Ryan Atkin: 'I came out because football needs it,' says England's first openly gay referee

    Story highlights

    • Atkin is English football's first openly gay referee
    • Has officiated in English football's lower leagues
    • Says reaction to his coming out has been positive
    • Homophobic abuse exists worldwide in football

    (CNN)There are no openly gay players in English football's top five leagues, a fact many attribute to some of the cultural problems that surround the game.

    Just last weekend, homophobic chanting was heard at a Premier League game between Leicester City and Brighton and Hove Albion on Saturday. Two Leicester fans were subsequently arrested, and it is thought that around 50 supporters participated in the abuse.
      For Ryan Atkin, the first openly gay referee in English football, the incident was a timely reminder that the sport has plenty to do in tackling homophobia.
      "It's not acceptable for people to do that sort of thing," Atkin, who came out publicly in August, told CNN, referring to what had happened at Leicester.
      "It may not be people that are playing; there are a lot of LGBT supporters, a lot of LGBT young people who go to football who could be LGBT and haven't told their family. When you've got people shouting those things, you're not helping those people at all."
      Atkin (center) will work as a fourth official in Football League games this season.

      Positive response

      The issue is by no means unique to Britain.
      Concerns have been raised over Russia and Qatar's viability to host World Cups in 2018 and 2022 in light of attitudes towards LGBT communities in those countries.
      The Russian government banned the promotion of "non-traditional" sexuality in 2013, while same-sex activity in public is illegal in Qatar.
      LA Galaxy's Robbie Rogers, one of football's few openly gay players, has called it "insane" that such countries have been allowed to host major tournaments.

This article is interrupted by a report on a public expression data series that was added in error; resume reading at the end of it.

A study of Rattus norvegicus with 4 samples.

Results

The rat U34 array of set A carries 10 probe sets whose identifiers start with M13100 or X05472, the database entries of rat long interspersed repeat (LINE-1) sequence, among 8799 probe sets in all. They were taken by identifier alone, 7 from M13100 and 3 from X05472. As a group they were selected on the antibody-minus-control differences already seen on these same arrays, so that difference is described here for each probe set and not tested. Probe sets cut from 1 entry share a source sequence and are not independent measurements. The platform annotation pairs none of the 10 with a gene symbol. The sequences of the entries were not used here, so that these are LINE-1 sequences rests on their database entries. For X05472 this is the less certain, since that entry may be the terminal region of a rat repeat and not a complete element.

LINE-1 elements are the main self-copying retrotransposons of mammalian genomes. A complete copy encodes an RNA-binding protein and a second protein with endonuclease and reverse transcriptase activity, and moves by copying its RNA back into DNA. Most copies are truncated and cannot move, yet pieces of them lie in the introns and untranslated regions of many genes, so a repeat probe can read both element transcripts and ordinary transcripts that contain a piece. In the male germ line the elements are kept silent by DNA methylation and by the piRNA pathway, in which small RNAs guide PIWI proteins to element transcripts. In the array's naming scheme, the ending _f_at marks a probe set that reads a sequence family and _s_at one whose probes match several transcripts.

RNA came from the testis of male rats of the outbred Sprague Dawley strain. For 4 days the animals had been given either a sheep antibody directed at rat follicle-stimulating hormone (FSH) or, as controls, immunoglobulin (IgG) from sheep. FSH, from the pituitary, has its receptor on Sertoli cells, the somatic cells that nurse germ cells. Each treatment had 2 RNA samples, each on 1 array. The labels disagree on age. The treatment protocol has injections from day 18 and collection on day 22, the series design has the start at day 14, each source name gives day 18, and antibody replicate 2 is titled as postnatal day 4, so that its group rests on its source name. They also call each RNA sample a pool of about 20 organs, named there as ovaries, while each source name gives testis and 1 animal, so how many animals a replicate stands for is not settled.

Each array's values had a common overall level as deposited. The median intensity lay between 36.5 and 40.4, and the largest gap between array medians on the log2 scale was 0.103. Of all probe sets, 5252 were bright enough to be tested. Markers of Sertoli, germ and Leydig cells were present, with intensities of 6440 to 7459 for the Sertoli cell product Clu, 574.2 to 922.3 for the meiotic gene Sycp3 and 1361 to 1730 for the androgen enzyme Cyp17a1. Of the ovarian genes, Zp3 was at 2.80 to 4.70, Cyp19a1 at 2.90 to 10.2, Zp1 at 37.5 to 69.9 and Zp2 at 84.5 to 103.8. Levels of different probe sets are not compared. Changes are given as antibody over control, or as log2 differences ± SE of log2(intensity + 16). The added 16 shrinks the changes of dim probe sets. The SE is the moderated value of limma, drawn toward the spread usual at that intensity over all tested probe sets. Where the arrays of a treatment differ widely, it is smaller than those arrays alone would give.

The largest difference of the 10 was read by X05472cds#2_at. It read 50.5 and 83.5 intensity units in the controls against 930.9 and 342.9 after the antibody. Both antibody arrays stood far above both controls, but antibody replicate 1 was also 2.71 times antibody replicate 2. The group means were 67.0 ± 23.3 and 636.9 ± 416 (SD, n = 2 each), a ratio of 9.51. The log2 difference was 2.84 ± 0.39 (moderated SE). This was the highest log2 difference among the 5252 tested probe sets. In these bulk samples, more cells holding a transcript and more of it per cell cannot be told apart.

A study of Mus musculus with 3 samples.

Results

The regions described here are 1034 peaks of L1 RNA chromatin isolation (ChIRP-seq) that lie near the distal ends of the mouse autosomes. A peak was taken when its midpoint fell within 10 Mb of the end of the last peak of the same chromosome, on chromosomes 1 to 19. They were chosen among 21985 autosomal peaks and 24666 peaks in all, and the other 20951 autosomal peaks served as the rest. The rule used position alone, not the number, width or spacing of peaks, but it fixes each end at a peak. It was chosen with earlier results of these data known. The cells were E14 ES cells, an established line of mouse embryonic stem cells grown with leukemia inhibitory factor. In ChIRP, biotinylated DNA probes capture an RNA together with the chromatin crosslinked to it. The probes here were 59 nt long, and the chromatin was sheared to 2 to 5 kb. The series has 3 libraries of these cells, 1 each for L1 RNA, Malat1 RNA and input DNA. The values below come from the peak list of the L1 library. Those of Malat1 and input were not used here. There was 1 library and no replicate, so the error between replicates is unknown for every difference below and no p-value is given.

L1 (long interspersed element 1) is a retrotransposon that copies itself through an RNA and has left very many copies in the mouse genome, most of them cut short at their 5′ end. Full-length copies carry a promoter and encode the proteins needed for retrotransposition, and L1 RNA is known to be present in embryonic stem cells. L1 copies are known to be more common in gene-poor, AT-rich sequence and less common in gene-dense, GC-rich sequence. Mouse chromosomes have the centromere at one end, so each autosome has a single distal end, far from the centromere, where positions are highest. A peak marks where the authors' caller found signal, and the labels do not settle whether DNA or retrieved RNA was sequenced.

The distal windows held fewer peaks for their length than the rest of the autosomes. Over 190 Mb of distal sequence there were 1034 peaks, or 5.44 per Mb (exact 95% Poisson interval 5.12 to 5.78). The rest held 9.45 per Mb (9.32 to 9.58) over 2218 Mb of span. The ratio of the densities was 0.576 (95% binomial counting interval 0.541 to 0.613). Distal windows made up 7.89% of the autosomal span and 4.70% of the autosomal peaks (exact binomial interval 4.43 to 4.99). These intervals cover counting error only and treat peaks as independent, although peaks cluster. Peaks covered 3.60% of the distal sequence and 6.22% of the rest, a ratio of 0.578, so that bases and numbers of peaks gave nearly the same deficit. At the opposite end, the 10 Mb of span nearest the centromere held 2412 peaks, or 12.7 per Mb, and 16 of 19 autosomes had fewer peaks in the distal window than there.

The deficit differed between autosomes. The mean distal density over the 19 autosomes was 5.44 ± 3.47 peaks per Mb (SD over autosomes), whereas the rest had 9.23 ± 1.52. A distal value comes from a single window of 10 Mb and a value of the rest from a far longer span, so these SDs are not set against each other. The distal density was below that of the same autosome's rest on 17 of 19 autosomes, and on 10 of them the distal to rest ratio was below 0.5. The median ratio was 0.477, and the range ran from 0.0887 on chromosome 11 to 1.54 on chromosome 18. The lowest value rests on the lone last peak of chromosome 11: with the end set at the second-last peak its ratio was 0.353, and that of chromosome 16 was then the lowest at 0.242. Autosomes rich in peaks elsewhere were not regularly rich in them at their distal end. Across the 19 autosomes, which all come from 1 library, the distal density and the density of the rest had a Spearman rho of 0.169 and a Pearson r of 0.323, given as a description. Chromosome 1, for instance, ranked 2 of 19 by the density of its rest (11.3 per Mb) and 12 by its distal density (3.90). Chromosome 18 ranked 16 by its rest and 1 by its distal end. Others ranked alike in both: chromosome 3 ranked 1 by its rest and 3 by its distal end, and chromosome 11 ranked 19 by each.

Meanwhile in July, US President Donald Trump said that transgender individuals would not be eligible to "serve in any capacity" in the US military.
      "I thought it was the right time, I think the games needs it," says Atkin, explaining his decision to come out.
      "We're at a time in the world where we've got all the trouble in America when it comes to transgender people, the World Cup is going to countries where LGBT is still illegal.
      "I just think the fans need to understand that people are LGBT, but that's their personal life and you judge them on their profession and not their personal life."

      Positive message

      Atkin will referee games in the National League North and South this season, as well as operating as a fourth official in Football League games.
      He says his coming out has been received positively.
      "It's been a fantastic experience. I've received so many positive messages from people all over the world, and I think that's something that's touched me.
      "It's come from people I wouldn't have expected -- from people who are from countries where it's illegal to be gay, people who don't watch the sport but are now interested in it because there are LGBT people within the professional game."
      Atkin's story has since been shared by the FA and the English Football League -- two of the sport's leading governing bodies in England -- and he has worked alongside the LGBT campaign groups Stonewall and Rainbow Laces.
      He also featured prominently in the blog of former Premier League player Phil Neville.

      As for the future, Atkin says that the sport needs more role models to serve as leading voices for LGBT people in sport.
      "For me it needs positive allies, it needs people who are not necessarily LGBT and they're the people that need to challenge people when remarks are made," said Atkin.
      "You need people within the sport who are respected -- who are looked up to -- to start changing minds. That will be a great asset.
      "It's about education -- whether you can remove someone and allow them back to football. I don't think you can start banning everybody, but take them away, educate them, and bring them back into football. It shows a good story."